Renderloop Lets You Build A Gear VR App With Javascript In 10 Minutes

Creating a high-quality VR experience is getting easier but it’s not to the point where everyone can make something yet. Software like Tilt Brush and Oculus Medium are on the way, but only create largely static works of VR art — not an entire world where objects interact, time passes and stories are experienced. Game engines like Unity and Unreal are adding in-VR editing tools that lower the barrier to entry with more natural ways of manipulating the virtual world around you, but they’re still built primarily for game developers.

Nicolas Lazareff and his website, though, are aiming to open the door to high-quality VR development for a wider group of people. With countless Web developers spread across the globe, making VR easier for them to create is a very big idea. Something like A-Frame or WebVR allows the creation of browser-based VR experiences, but it’s not easy to view those in a high-quality mobile headset like Gear VR. That’s where Lazareff is aiming his technology.


In roughly 10 minutes I used his website to upload a couple pre-made 3D models formatted for Oculus — a dojo environment, a ninja star and a target — combined with 26 lines of javascript. Wrapped together with an easy-to-get signature file required by Oculus that allows the game to run on my Gear VR — I hit “Create New Build” on the Renderloop website and a few minutes later my app was ready to download.


I logged into the Renderloop site on my Galaxy S6 and installed the app on my phone from there. I popped the Gear VR onto my head, found myself inside that dojo and started tapping the touchpad, firing ninja stars at the target.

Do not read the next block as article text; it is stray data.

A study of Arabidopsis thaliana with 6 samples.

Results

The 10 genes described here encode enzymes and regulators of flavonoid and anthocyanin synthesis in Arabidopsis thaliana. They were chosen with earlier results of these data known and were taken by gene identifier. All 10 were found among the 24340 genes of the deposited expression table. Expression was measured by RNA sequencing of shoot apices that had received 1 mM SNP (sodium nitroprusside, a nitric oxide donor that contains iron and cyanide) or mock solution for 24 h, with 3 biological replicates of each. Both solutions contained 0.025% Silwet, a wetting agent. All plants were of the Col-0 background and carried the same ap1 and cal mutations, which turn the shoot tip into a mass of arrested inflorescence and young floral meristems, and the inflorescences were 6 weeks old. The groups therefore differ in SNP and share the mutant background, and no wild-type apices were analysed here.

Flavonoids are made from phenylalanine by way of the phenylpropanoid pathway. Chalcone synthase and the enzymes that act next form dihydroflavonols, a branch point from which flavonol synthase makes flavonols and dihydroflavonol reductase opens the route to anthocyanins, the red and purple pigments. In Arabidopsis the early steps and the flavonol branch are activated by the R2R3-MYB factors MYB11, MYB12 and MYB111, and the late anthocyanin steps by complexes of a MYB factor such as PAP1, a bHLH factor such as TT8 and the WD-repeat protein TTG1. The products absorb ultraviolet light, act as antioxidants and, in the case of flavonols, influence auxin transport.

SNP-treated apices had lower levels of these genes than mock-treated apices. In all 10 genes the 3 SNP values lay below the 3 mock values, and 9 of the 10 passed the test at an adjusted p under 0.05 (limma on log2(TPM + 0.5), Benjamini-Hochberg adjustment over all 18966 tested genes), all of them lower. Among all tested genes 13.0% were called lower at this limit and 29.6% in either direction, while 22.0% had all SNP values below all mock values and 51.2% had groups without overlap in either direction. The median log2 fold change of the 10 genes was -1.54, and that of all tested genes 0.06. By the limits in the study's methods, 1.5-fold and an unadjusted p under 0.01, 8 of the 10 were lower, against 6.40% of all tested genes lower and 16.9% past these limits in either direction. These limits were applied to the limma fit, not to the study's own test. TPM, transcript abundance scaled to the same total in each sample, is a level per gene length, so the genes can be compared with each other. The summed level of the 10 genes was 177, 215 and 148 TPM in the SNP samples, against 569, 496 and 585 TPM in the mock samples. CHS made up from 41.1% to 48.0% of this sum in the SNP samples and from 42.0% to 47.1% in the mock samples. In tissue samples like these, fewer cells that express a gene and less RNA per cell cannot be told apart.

If this sounds familiar, the test project Lazareff gave me to try is “a recreation of the live coding talk that John Carmack gave at the last Oculus Connect. Among other differences, it’s using Javascript rather than Scheme.”

Lazareff’s Web-based workflow was really straightforward and I’d love to see what an experienced Web developer could produce using the site. Creating a complex AAA game with physics or particle effects using this approach is probably not going to work, as it’s still limited by the performance of the V8 javascript engine, but Lazareff thinks there are “a whole slew of apps” like image browsers and chat apps that could work well this way.

“One of the companies using this is a real estate development firm making 360 tours of high end homes,” Lazareff wrote in an email. “Another example is a company making a 360 video app for live events. And, of course, there are lots of little mini-games and one-off experiments being created as well.”

The Renderloop creation site is still in an early development phase and there might be some bugs. If you’d like to check it out email or visit the site and sign up for the beta.